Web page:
By James Walker     Apr 6, 2017 in Technology
Apple has been sued by Australia's consumer watchdog for allegedly deliberately bricking iPhones which had received screen repairs completed by third party repair shops. Affected devices were left displaying the infamous "Error 53" warning indefinitely.
The Australian Competition and Consumer Commission (ACCC) is now seeking injunctions, declarations and costs against Apple after filing a lawsuit on the case yesterday. As Reuters reports, the court filing describes how Apple allegedly breached Australian law by "bricking" phones with a software update.
The Error 53 controversy started a year ago when many iPhone 6 and 6s owners found their repaired handsets unusable after installing a software update. Replacing the home button triggered a security mechanism in iOS that prevented the phones from booting. Because screen repairs commonly involve modifying the button, customers were left with bricked phones if they'd previously had a cracked display replaced.
The change was delivered silently in an over-the-air software update. After facing a barrage of criticism for suddenly disabling users' phones, Apple later backtracked and explained the cause of the Error 53 message. Last February, it said the warning "wasn't intended to affect customers" and announced that it would allow affected owners to recover their phones through iTunes.
This step hasn't impacted on the case now presented to Apple. ACCC chairman Rod Sims noted that Apple shouldn't have the right to abruptly disable a user's phone for using a third-party repair shop. Before the company conceded to the press coverage of the issue, Apple told customers to approach it for help but noted it would not provide a "remedy" for free.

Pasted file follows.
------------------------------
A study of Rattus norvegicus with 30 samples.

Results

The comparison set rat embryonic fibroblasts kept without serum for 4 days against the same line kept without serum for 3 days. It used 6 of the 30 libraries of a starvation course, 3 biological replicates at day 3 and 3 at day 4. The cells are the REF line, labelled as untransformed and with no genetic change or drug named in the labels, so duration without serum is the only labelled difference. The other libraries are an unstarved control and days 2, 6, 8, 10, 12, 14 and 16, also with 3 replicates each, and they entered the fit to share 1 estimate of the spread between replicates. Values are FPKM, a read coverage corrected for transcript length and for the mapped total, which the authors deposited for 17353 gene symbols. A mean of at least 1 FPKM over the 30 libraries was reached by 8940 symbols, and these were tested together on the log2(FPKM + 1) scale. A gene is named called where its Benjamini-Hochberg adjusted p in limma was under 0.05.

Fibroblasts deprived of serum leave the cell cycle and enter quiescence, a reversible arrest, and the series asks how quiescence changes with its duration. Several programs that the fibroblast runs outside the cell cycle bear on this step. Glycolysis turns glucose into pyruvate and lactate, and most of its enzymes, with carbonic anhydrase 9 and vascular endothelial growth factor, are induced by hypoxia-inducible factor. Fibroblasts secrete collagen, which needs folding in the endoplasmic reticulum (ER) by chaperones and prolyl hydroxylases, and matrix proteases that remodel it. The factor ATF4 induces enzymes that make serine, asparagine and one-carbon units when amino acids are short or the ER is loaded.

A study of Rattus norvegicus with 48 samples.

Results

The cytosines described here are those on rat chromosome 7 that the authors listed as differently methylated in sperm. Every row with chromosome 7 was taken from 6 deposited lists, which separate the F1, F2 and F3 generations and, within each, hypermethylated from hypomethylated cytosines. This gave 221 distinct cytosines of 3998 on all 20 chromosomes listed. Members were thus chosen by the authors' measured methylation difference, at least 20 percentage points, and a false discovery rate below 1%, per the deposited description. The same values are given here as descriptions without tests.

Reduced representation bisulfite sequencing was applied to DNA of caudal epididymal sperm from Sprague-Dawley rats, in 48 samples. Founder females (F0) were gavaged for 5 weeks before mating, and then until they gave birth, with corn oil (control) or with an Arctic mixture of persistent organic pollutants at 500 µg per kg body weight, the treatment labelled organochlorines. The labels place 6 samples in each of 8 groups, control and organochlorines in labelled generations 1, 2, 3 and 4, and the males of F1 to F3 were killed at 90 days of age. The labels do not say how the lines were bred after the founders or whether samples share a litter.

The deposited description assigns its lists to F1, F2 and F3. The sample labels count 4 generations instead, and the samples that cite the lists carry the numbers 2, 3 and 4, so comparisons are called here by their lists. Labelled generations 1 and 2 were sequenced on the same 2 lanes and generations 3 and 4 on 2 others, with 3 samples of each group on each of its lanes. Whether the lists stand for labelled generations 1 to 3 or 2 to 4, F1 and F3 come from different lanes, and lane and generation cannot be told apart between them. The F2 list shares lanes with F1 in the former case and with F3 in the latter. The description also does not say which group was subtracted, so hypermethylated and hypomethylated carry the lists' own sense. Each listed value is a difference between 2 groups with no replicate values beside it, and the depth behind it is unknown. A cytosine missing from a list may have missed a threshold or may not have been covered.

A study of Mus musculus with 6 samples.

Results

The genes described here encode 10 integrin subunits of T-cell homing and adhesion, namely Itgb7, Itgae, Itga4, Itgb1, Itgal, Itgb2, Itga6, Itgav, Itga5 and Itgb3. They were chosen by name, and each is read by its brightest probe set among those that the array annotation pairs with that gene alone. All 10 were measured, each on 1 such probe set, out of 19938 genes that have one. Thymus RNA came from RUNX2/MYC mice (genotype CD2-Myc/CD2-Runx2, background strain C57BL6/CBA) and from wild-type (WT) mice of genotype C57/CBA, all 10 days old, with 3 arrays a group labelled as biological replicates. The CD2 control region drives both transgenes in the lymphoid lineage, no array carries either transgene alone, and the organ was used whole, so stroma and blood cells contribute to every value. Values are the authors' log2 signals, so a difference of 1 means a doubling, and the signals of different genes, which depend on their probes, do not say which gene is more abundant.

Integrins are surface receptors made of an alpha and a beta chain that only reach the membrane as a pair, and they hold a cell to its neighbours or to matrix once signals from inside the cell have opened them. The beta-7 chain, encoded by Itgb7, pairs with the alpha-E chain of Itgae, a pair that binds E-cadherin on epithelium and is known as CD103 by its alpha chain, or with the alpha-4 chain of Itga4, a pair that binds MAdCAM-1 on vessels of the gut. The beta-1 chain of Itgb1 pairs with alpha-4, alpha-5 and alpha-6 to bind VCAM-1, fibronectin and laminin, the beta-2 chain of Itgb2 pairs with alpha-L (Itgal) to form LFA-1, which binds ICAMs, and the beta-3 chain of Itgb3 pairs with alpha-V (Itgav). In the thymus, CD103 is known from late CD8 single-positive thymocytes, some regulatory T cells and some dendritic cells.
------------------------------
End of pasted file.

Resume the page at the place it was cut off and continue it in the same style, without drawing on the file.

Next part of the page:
"Consumer guarantee rights under the Australian Consumer Law exist independently of any manufacturer's warranty and are not extinguished simply because a consumer has goods repaired by a third party," Sims said to Reuters.
The court documents describe Apple's activities as "misleading" and "deceptive," intentionally seeking to hide the purpose of the software update from customers. If the lawsuit is successful, Apple could be required to pay penalties of up to A$1.1 million ($829,000 USD) per breach of Australian consumer law. The court will determine how many breaches occurred.
Apple has previously seen off an Error 53-based case. Last year, a U.S. district judge dismissed a class action lawsuit against the company, saying there was insufficient evidence from the plaintiffs to support their allegations of Apple's false advertising. The company refunded the customers involved the cost of their devices.
Error 53 was killed off in February 2016 when Apple released a patch for iOS to disable the warning. The security check was originally used in iPhone factories to confirm the Touch ID sensors fitted on the production line function correctly. Instructions on how to recover phones affected by the message are available on Apple's website.